By Rich Levine
Terry Francona was angry as hell on Wednesday afternoon.
Well, at least by Terry Francona standards.
For instance, had it been Bill Belichick giving that interview with Dale and Holley (listen here, if you haven't) snapping at jokes, calling out the media, reacting to questions as if someone had just spit in his face you'd have probably thought, "Hey, the coach is in a decent mood today!" But because were talking about Tito a light-hearted guy who's far more likely to crack a joke at his own expense than he is to speak out against anyone else, a guy who's so naturally uncomfortable with being a jerk, that its sometimes hard not to laugh when he tries Wednesdays performance definitely qualifies as pissed off.
But more interesting than the anger itself, was where and to whom it was directed.
How much do they really know?
It's a question I ask myself a lot when it comes to professional athletes and coaches.
And for the sake of the column, I guess I'll get more specific.
I wonder how much they know about what's being said in the public sector; how aware they are of their reputations among the fans, what's written about them online, or screamed about them on TV.
When Adrian Wojnarski tears LeBron five new orifices in a scathing 2,000-word column, does LeBron ever get wind? As Felger calls Rasheed Wallace useless and pathetic for six straight months, is 'Sheed ever lying in bed watching TV with his wife and maniacally plotting Felger's death? Does Kevin Durant read through every mention he gets on Twitter? Do these guys know what's really going on, or do the columns, shows and tweets that dominate the periphery of professional sports not really exist within the walls?
It's not a terribly important question; it's not going to decide the outcome of any game or season or title. But if you're a sports fan, its no less interesting.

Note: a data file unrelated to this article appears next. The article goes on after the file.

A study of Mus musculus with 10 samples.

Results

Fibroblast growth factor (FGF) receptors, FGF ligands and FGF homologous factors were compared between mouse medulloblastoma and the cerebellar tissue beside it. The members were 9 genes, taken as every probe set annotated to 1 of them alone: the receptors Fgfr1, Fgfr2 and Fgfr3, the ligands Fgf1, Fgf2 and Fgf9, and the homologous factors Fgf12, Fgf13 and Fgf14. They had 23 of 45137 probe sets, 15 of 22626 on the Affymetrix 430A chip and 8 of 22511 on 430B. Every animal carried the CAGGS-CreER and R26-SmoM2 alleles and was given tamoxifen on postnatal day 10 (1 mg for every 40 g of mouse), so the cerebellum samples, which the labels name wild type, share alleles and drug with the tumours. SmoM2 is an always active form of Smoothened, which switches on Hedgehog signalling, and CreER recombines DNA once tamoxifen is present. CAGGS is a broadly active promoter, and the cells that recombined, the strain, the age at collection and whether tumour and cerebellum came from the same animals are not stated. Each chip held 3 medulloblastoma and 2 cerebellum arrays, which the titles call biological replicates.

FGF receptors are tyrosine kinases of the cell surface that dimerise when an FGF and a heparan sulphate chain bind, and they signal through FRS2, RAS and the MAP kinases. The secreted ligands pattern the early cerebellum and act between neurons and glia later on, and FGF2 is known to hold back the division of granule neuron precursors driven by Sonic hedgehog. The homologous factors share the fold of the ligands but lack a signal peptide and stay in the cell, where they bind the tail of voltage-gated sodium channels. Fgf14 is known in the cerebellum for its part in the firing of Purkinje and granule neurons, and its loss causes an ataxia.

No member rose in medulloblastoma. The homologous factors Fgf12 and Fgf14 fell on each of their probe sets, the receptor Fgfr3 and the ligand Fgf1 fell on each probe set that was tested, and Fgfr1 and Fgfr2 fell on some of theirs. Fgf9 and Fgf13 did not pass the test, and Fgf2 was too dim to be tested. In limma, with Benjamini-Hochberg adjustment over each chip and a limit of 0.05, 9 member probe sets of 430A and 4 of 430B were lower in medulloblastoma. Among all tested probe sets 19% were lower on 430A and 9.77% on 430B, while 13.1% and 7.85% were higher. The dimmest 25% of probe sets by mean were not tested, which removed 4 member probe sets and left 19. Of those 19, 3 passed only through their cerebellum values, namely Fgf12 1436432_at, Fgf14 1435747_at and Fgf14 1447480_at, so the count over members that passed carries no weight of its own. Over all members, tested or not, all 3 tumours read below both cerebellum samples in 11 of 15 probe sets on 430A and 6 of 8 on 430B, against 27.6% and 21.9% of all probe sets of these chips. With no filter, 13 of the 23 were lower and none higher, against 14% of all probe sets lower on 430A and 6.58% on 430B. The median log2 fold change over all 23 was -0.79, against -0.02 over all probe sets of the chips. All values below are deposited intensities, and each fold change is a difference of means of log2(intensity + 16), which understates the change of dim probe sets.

Does KG realize that everyone jokes about him being crazy? Is J.D. Drew aware of the eruption of jokes on the Internet every time he strains a hamstring? Does Manny Ramirez even know the Internet exists?
I think the answer varies from player to player. There are athletes who are in tune with everything that's going on and being said. While none of them would ever admit it, I'm sure there are tons of pros who Google themselves every day, click through message boards and want to know every little thing that's typed about them.
And I'm sure there are guys who've never Googled themselves. Guys who are confident enough, or just don't care enough to wonder what anyone else says. But while I respect and envy that crew, theres something about the players and coaches in that first group the ones who take it personally, and make you feel like they care as much as you do who are so much more fun to root for. Who provide fodder, and personality, and make sports just that much better.
Which brings us back to Wednesday's interview with a pissed-off Terry Francona, a man who no doubt sits among that first group. A man who's well aware of all the stories and drama and the public perception of his team.
He hears the calls for Papelbon's head:
"Every time Pap gives up a run," he said, "I hear the clamoring about exchanging him and I think sometimes, I don't know why, maybe it's because you're fans . . . "
He knows what people are saying about Jacoby Ellsbury, the questions theyre asking about his toughness, and, likely, the tweet from a local radio show that called him a five-letter p-word.
"I think for anyone to ever say that he's soft, especially for a radio host, is very disrespectful," Francona said. "Talking tough on the radio is a lot different than running into a wall or getting hit with a pitch. It's easy to be a tough guy when you get away from the field."
Hell, he even admits to reading Dan Shaughnessy:
"I don't want to put words in your mouth," Holley began a question, to which Tito responded, "Shaughnessy does it all the time." It was playful, if not unprovoked. Obviously not a big deal, but for Francona to come up the line as quickly as he did, it's clearly something he'd been thinking about. You can almost imagine him sitting in his office perusing Shaughnessy's column and wanting to reach through the pages and strangle him.
The point is he's reading. He's watching. He's in-tune. He cares.
There's no doubt that his players appreciate that. And fans should, too.
Now if only that appreciation could shave off a few games in the Wild Card.